HANOI, Vietnam (July 11, 2012) — U.S. Secretary of State Hilary Rodham Clinton was in Vietnam Tuesday were she made remarks at an event at the U.S. Embassy. The visit preceded her stop in Phnom Penh, Cambodia on Wednesday, and the ASEAN Summit on Thursday.
“It is exciting to be here on my third visit as Secretary of State. And the reason I keep coming back is because we think that there is an enormous amount of potential in our relationship. And I want to be sure we’re doing everything we can to explore how far we can go.
Just yesterday, I think we’ve demonstrated once again we’ve reached a level of engagement that would have been unimaginable only a few years ago. We have two-way trade reaching $22 billion, increasing every year, working on everything from HIV/AIDS to disaster relief to trafficking in persons to recovering the remains of our soldiers. And our military-to-military ties, as evidenced by Secretary Panetta’s very successful visit, are also intensifying. We are working toward a strategic partnership agreement that will give us a framework to deepen and broaden this engagement.
But none of it would be possible without the energy and enthusiasm and the expertise of this team and your colleagues throughout Vietnam. When you launch programs that show farmers how to get more productivity out of their land, you’re helping them not only feed their families but earn more money and continue to rise into the middle class.
When you connect Vietnamese companies with American investments, you’re helping to create jobs back home and produce economic growth for both countries. When you talk to students about opportunities to study abroad, you’re helping build bridges between our people, and with very tangible results, because I can remember back in the Clinton Administration, which is when I first met you all those years ago in Tokyo, just 800 Vietnamese were studying in the United States. Today 15,000 are, and we would like to double, triple, quadruple that number in the years ahead.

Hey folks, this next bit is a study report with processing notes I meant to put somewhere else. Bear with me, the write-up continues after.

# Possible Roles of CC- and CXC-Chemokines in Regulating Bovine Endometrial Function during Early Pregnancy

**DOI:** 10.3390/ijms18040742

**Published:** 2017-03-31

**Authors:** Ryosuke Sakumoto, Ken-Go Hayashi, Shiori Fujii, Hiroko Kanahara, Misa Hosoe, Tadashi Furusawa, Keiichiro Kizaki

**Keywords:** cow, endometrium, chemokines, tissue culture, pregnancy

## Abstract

Now, look, I understand your work is not always easy. There are issues of government control and censorship that you have to work through and over and around every single day. It makes your jobs and your lives more difficult. We raise these issues and concerns in every single meeting that we have with Vietnamese officials and we will continue to raise them, because we happen to believe it’s not only part of American values, it’s universal values. The Declaration of Universal Human Rights is not just for Americans or Westerners. It’s for Asians and Vietnamese and everyone else. So we make the argument that as economic progress continues the opening of political expression and political space, the protection and respect for human rights is absolutely essential.
And I know that where you work has an impact on how you work. Being separated from each other can make it harder to operate as a team, and we’re going to keep working to finalize agreements for a new embassy compound. That is something we’ve been focused on and hopefully someday soon people will be able to work in one state-of-the-art location.
I want to say a special word of thanks to our locally employed staff. Ambassadors come and go, Secretaries come and go, but the locally employed staff here in Vietnam, like those around the world, are really the memory bank and the experience base for everything that we do, and we are very grateful that you’re part of this team.
So again, let me thank you and let me thank you especially for having to organize and implement three separate trips from me, the Secretary of Defense, and a continuous stream of high-level officials. I know it’s always extra work when that occurs, but we are deeply grateful, because we want to show at a high and visible level the importance we place on this relationship. So again, thank you very much, and let me shake some hands.”